Novak Djokovic is set to be allowed to compete at the Australian Open in January despite being denied entry into the country earlier this year, in what will come as a blow to Rafael Nadal’s hopes of retiring with the most Grand Slam titles in men’s tennis. Reports indicate that new Aussie Prime Minister, Anthony Albanese, will take a sympathetic view and overturn the Serb’s current three-year ban, which stemmed from a legal battle over Covid vaccine requirements.
The Djokovic saga sparked outrage among some Australians when it emerged that he had obtained a special visa exemption to enter the country and compete in Melbourne, despite the rest of the population being forced to stick to strict Covid regulations.
Djokovic’s unvaccinated status came out as part of the stand-off, which saw him kept in an immigration detention centre, and he has since reinforced that he does not intend to get jabbed in the future. After an ugly legal battle, the Serb was deported and had his visa cancelled, meaning that ordinarily he would not be able to be granted another one for the next three years.
But The Daily Mail claim that things could change at the hands of new Aussie PM, Albanese, who has been in office since May this year.
Albanese is believed to be a huge tennis fan that plays several times a week, and he maintains a close relationship with Tennis Australia. As such, he is expected to take a more sympathetic view than those who handled the saga before him and could allow Djokovic smooth entry to compete when the tournament comes back around in January.
A return to Melbourne would provide a massive boost to Djokovic’s hopes of topping the all-time Grand Slam charts, with Nadal currently leading the way on 22 titles. The Serb is one back on 21, but he has won the Aussie Open on nine prior occasions and is formidable on the hard surface.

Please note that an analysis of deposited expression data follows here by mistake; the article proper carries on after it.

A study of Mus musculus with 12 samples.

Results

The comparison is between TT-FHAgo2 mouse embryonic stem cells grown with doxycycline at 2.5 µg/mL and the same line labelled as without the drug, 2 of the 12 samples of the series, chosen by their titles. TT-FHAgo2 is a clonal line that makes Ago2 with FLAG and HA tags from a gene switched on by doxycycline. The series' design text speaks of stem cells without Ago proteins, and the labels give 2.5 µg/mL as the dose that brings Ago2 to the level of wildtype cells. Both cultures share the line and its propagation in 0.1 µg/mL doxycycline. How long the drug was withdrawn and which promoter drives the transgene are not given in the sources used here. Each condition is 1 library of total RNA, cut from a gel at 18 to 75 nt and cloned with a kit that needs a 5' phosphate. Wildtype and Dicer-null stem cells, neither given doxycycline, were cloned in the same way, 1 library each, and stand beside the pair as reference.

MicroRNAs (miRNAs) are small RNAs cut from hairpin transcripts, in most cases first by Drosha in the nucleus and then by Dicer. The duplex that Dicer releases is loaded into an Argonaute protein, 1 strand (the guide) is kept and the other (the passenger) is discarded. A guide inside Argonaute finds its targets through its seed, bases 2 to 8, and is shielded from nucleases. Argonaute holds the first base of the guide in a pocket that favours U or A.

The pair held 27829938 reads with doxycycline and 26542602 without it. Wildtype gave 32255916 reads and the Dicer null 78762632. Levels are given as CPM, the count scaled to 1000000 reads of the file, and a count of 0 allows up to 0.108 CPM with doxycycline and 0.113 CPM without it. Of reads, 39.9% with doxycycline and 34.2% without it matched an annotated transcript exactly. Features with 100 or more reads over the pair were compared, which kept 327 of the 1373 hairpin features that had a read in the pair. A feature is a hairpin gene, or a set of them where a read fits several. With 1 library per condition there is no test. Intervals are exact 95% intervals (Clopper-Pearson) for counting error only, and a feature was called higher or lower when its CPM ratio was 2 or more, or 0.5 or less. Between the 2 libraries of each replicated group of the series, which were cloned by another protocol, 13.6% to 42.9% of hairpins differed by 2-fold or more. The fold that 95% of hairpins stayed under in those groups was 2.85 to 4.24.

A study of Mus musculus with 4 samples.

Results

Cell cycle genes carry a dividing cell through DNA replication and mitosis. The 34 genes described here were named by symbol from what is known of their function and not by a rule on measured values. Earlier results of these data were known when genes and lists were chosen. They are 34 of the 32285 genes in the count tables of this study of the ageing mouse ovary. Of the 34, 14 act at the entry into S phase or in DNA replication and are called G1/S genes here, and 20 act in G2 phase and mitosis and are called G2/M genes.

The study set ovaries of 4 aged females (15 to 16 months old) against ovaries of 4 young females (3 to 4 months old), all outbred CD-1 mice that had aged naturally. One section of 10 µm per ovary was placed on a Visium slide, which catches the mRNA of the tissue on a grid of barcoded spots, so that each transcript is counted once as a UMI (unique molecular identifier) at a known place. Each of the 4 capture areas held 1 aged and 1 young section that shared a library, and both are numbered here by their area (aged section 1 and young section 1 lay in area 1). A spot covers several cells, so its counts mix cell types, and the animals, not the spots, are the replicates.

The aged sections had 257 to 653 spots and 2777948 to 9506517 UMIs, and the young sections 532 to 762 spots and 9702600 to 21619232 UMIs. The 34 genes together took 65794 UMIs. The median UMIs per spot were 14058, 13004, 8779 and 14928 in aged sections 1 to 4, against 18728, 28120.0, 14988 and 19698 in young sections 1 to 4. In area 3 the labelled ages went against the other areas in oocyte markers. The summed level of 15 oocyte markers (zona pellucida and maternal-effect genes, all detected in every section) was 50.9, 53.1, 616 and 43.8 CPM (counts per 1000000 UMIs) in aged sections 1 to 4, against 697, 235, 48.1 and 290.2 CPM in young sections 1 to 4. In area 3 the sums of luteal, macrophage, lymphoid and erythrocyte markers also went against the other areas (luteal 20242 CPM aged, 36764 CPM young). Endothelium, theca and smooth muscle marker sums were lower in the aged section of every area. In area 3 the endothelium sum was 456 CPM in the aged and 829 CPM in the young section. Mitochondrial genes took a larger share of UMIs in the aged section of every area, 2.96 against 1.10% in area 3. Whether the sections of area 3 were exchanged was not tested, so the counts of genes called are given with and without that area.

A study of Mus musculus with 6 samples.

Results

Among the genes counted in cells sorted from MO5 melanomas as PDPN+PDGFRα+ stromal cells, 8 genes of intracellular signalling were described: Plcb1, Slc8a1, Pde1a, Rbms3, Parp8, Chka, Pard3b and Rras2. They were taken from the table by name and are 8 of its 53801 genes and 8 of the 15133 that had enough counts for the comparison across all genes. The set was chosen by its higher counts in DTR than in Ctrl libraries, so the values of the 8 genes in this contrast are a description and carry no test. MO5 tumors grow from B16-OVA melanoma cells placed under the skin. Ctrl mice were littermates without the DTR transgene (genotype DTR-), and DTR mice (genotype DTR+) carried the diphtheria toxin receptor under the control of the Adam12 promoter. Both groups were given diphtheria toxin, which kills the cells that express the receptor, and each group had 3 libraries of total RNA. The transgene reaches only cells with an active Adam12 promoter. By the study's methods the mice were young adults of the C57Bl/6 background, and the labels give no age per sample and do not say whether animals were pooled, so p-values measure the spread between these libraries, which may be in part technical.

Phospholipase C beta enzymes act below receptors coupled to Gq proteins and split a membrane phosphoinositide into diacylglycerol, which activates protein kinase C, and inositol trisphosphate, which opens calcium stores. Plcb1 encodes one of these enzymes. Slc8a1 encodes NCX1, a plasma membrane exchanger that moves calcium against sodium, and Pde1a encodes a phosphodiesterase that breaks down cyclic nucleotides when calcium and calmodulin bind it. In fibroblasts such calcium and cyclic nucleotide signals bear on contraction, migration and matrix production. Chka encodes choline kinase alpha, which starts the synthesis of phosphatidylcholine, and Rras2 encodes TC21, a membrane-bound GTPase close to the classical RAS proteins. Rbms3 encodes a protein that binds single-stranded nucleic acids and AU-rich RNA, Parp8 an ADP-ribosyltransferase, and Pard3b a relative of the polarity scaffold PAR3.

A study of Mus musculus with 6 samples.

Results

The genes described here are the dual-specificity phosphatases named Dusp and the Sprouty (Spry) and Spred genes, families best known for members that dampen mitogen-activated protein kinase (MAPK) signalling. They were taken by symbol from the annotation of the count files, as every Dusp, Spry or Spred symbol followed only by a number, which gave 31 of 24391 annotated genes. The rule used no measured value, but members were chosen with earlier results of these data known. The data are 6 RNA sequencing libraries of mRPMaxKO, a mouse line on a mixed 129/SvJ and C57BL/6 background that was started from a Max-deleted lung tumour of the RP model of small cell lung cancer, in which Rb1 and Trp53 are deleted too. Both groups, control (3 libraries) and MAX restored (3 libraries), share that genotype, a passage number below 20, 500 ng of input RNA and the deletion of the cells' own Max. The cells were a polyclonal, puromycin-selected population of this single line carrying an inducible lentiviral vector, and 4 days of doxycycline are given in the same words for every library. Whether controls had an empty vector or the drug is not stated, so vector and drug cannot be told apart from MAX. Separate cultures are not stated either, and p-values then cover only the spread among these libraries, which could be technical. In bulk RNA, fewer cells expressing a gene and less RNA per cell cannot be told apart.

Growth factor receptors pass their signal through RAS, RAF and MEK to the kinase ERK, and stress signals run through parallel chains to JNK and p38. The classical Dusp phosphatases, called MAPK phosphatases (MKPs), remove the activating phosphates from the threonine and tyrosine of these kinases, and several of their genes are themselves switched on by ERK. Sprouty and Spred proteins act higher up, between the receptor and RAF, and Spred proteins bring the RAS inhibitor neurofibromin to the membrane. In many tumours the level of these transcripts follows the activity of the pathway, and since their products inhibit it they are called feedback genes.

Djokovic proved that he is still at the very top of his game on Sunday, when he beat Nick Kyrgios in four sets to win a seventh Wimbledon title. To the contrary, Nadal had to withdraw from the tournament before his semi-final due to an abdominal tear, with the Spaniard struggling to get away from injuries towards the tail-end of his career.
A free pass back to Australia would only help Djokovic’s momentum with the ultra-fit, ultra-healthy star showing no sign of slowing down. But the 21-time Grand Slam winner is likely to still be revelling in his Wimbledon triumph after revealing on Centre Court that it is his most treasured tournament, alongside a tribute to beaten finalist Kyrgios.
“I’ve lost words for what this tournament and this trophy means to me,” he said. “It’s always has been and always will be the most special tournament in my heart. My first image of tennis was grass and Wimbledon. I always dreamed of coming here and just playing here. Every time, it gets more and more meaningful and special, so I’m very blessed to be standing here with the trophy.
“Nick, you’ll be back not just at Wimbledon but in finals. I really respect you a lot, I think that you are a phenomenal tennis player, athlete and an amazing talent. You’ve been hearing that for many years, but now everything is starting to come together for you. I’m sure we’re going to see lots of you in later stages of Grand Slams.”